Why not some space for us, ask poor kids

Why not some space for us, ask poor kids

 
“We want to enjoy playing different games. We make lots of friends in the park and would like to play with them”, says Ajay.

But children like Ajay from underprivileged communities do miss parks a great deal, as they have no access to  government-run public parks. And the children - about 60 of them from schools and NGOs, who are brought together along with parents and care givers at Cubbon Park’s Bal Bhavan for a consultative meeting have no doubts why they are discriminated.

“Our parents do not send us to parks. In any case, most parks are quite far and difficult to reach. Park officials don't allow us in saying we don't dress well and will dirty the place, while older children don't include us in their games,” one of the underprivileged children said at the programme.

The one-day programme, which included children with special needs and was organised by city-based NGO Kilikili had earlier formed groups of children and allowed them to discuss the various things they would like to see in parks.

Starting from having trees in a single line (so that children with visual challenge can walk safely) to having Braille signage's, accessible games and abolishing payment to access parks, children presented a variety of issues that prevented them from enjoying parks.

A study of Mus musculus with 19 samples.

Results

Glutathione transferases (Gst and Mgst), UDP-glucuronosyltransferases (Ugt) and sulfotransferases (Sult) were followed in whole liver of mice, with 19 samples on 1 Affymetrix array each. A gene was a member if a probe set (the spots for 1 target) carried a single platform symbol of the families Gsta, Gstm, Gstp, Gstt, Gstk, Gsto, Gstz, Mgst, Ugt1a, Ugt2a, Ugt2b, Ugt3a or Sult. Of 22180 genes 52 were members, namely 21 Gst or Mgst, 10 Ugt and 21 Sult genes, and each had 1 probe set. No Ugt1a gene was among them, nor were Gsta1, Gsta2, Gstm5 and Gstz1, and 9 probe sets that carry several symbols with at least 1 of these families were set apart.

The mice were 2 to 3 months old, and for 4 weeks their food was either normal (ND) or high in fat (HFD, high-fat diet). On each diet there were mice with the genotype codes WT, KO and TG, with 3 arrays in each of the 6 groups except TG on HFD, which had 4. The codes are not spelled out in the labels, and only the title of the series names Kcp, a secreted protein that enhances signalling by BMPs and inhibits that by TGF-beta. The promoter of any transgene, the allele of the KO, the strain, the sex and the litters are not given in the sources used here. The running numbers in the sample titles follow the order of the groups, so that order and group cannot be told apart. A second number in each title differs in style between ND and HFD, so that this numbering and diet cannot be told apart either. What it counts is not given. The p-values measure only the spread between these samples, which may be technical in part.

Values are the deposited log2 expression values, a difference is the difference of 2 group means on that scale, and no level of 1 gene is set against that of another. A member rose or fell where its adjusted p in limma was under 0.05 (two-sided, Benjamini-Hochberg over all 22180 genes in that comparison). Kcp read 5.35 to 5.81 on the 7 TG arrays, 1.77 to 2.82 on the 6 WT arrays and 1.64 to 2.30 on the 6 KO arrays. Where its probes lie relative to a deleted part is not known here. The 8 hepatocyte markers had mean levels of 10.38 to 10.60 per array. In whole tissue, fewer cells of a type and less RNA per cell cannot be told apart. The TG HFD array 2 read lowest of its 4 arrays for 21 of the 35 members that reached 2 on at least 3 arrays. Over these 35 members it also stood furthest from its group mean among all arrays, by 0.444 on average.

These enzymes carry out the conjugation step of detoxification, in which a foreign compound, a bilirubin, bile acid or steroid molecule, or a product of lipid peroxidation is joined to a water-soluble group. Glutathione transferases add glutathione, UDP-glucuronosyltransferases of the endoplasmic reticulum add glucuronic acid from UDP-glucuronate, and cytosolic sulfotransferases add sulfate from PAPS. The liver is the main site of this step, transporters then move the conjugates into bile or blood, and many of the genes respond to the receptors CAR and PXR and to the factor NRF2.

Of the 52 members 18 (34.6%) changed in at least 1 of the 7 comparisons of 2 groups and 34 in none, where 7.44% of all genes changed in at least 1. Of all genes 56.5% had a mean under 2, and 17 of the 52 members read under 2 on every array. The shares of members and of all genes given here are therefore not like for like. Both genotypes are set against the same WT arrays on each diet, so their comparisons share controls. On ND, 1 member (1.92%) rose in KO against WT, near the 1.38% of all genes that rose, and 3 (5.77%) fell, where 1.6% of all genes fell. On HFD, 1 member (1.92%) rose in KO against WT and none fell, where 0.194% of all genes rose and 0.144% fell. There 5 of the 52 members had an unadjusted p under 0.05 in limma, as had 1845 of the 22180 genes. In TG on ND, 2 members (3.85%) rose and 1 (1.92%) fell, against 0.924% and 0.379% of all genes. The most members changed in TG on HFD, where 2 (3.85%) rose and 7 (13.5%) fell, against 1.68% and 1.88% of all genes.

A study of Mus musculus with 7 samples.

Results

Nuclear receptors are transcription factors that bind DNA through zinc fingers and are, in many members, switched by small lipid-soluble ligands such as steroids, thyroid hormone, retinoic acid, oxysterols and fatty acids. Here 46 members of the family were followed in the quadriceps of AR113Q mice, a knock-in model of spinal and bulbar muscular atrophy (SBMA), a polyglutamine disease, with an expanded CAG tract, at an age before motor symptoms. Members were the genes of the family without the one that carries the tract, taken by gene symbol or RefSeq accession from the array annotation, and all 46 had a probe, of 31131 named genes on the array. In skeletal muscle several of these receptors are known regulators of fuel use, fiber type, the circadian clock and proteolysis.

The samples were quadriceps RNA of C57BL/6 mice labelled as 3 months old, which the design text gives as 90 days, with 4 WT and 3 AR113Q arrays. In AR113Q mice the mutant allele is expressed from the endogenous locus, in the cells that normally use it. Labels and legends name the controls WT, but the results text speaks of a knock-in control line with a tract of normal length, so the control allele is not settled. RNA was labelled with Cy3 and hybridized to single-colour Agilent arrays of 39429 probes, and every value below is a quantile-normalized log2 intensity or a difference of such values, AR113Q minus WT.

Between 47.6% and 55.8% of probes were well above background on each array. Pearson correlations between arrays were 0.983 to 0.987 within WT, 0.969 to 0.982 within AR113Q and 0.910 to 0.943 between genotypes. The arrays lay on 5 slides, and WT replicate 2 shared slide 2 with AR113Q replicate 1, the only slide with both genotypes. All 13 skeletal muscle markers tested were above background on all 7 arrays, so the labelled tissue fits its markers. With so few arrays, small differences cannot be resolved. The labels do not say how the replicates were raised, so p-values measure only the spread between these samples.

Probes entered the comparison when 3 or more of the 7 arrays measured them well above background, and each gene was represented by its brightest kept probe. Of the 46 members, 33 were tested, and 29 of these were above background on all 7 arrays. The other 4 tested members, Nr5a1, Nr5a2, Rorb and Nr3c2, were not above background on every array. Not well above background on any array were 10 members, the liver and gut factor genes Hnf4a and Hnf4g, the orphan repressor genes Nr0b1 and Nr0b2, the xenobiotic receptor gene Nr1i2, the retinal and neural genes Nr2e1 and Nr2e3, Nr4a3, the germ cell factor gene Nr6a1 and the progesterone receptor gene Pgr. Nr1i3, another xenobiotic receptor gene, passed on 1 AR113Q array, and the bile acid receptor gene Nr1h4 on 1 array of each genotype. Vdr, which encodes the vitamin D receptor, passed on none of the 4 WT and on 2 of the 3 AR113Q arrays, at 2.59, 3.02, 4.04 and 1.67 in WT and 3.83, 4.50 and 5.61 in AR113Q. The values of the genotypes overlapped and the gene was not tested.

A group of visually challenged children even composed a song on their desire of playing in a green and open park, while a few others presented pictures of what they consider as ideal parks.  

“Though they wanted different equipment and greenery, most of them had very simple desire: a space for themselves,” said Kavitha Ratna, Director of the NGO Concerned for Working Children, who was a facilitator in the programme.  

Besides Concerned for Working Children, special schools like Spastic Society of Karnataka (SSK), Association of People with Disability (APD), Shristi Special Academy (SSA) and others have taken part in the programme.

Though the BBMP had approached Kilikili to make inclusive space in the city, the NGO wanted to widen the process by including children who are economically deprived -hailing from slums and child workers.

The organisation has embarked up on a three-way process, having consultations with children, their adult care givers and citizens at large. It hopes to make a final document from the consultations and present it to BBMP.